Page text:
Therapeutic Properties of Essential Oils
Essential oils usually have a number of therapeutic properties stemming from the naturally occurring compounds within them. When you think about the number of drugs that originate from compounds found in plants this makes a lot of sense. Examples of these compounds are:
- Alcohols. Strongly bactericidal, antiseptic, antiviral, balancing (hormone), diuretic, uplifting, and stimulating. They are gentle but powerful. Examples are Basil, Coriander, Geranium, Lavender, Sweet Marjoram, Neroli (Orange Blossom), Palmarosa, Patchouli, Peppermint, Rose, Rosewood, Sandalwood, Tea Tree, and Vetiver.
- Aliphatic Aldehydes. Antiviral, antiseptic, anti-inflammatory, temperature reducing, lowers blood pressure, and calming. Examples are Eucalyptus Lemon Scented, Eucalyptus Staigeriana, Lemongrass, and Melissa Lemon Balm.
- Aromatic Aldehydes. Antifungal, anti-inflammatory, antiseptic, antiviral, lowers blood pressure, temperature reducing, and calming. These are present in small amounts in several essential oils, such as Cinnamon Leaf, Fennel, Jasmine, Lavender, Sage.
- Esters. Anti-inflammatory, antifungal, calming, balancing (hormone), healing (e.g. skin), and uplifting. They are usually gentle and safe. Examples are Benzoin, Bergamot, Clary Sage, Petitgrain, Roman Chamomile, Jasmine, and Lavender.
- Ketones. Analgesic, antifungal, anti-inflammatory, decongestant, calming, and uplifting. Ketones should be used with care as they can build up in the body. Examples are Caraway Seed, Dill, Peppermint, Rosemary, Sage.
- Lactones and Coumarins. Balancing (generally), decongestant, reduces temperature, lowers blood pressure. These are present in small amounts in many essential oils, such as Bergamot, Grapefruit, Lavender, Lemon, Lime, Petitgrain, and Sweet Orange.
- Monoterpenes. Antiviral, antiseptic, bactericidal, slightly analgesic, decongestant, and stimulating. Examples are Black Pepper, Eucalyptus Staigeriana, Frankincense, Grapefruit, Juniper Berry, Lemon, Lime, Mandarin, Sweet Marjoram, Neroli (Orange Blossom), Sweet Orange, and Tea Tree.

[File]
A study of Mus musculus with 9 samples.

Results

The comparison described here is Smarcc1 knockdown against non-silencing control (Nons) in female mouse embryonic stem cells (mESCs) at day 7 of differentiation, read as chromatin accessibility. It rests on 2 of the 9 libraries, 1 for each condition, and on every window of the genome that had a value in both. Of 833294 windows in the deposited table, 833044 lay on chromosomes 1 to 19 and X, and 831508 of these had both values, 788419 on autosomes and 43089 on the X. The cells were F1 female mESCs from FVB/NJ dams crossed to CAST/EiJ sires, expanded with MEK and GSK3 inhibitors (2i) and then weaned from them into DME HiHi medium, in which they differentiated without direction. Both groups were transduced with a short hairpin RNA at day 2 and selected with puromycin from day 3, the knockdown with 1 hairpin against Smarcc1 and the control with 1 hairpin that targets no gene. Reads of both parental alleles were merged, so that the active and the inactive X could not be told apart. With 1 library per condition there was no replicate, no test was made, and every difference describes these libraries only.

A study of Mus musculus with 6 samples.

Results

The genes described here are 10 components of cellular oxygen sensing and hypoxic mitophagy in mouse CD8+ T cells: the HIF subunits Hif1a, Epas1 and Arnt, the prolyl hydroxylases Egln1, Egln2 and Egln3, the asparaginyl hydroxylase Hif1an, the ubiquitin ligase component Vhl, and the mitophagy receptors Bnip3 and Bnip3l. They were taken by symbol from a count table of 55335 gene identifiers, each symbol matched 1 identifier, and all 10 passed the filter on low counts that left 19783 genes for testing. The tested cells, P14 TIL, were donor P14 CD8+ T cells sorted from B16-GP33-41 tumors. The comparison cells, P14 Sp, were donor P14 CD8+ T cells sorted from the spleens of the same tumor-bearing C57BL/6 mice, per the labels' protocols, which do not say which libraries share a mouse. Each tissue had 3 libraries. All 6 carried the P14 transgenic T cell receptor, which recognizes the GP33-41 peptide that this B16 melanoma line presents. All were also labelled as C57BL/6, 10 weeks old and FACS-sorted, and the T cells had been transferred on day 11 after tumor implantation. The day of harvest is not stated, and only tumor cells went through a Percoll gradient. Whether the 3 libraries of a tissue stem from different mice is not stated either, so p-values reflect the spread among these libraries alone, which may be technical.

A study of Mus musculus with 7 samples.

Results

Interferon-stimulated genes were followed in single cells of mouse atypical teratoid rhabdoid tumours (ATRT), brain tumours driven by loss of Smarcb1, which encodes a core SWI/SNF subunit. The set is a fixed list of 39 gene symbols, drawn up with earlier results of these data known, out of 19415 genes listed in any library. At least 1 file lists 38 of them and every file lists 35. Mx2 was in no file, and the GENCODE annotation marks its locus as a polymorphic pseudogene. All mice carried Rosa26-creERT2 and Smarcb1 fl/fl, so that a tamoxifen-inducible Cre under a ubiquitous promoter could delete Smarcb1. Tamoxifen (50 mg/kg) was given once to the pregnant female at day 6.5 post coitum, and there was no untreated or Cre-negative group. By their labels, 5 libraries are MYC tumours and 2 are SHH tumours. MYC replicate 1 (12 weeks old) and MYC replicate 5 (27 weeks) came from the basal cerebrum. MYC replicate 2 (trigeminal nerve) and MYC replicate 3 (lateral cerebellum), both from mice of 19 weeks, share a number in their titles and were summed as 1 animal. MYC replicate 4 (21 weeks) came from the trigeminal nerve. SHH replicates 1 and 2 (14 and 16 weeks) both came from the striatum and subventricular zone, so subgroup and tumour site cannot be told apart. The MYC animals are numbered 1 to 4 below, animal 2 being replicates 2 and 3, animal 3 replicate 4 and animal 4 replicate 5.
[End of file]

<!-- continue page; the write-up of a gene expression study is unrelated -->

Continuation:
- Oxides. Stimulating, decongestant, diuretic. Examples are German Chamomile, Eucalyptus Blue Gum, Peppermint, Niaouli, and Rosemary.
- Phenols and Phenolic Ethers. Analgesic, antispasmodic (releases muscle spasms and cramps), antiviral, antiseptic, anti-inflammatory, bactericidal, decongestant, diuretic, hormone-like, stimulating, and warming. To be used with care, especially during pregnancy. Examples are Basil, Cinnamon Leaf, Clove Bud, Fennel, Thyme, and Ylang Ylang.
- Sesquiterpenes. Slightly analgesic, antifungal, antiseptic, anti-inflammatory, antispasmodic (releases muscle spasms and cramps), bactericidal, balancing (generally), and calming. Examples are Cedarwood, German Chamomile, Ginger, Patchouli, and Ylang Ylang.
Of course the extent to which compounds occur in essential oils dictates the extent to which therapeutic properties apply, and the extent to which precautions should be taken. In some oils one or two compounds dominate whereas others contain many compounds and therefore have a more holistic effect. A good example of this is Lavender, which is known to both relax you when you're tense and stimulate you when you're low. It can heal burns, deal with headaches, sooth inflamed joints, and help you sleep. This is because it contains a good balance of relaxing, balancing, and stimulating compounds. Another good example of this effect occurs in Geranium. Eucalyptus Staigeriana is from the same family as Eucalyptus Blue Gum, and yet they have completely different chemical profiles. In Eucalyptus Blue Gum stimulating compounds dominate, whereas in Eucalyptus Staigeriana there is a balance of both stimulating and relaxing compounds, making it more gentle.
If you want to know more, Rosemary Caddy's excellent book Aromatherapy: Essential Oils in Colour is highly recommended.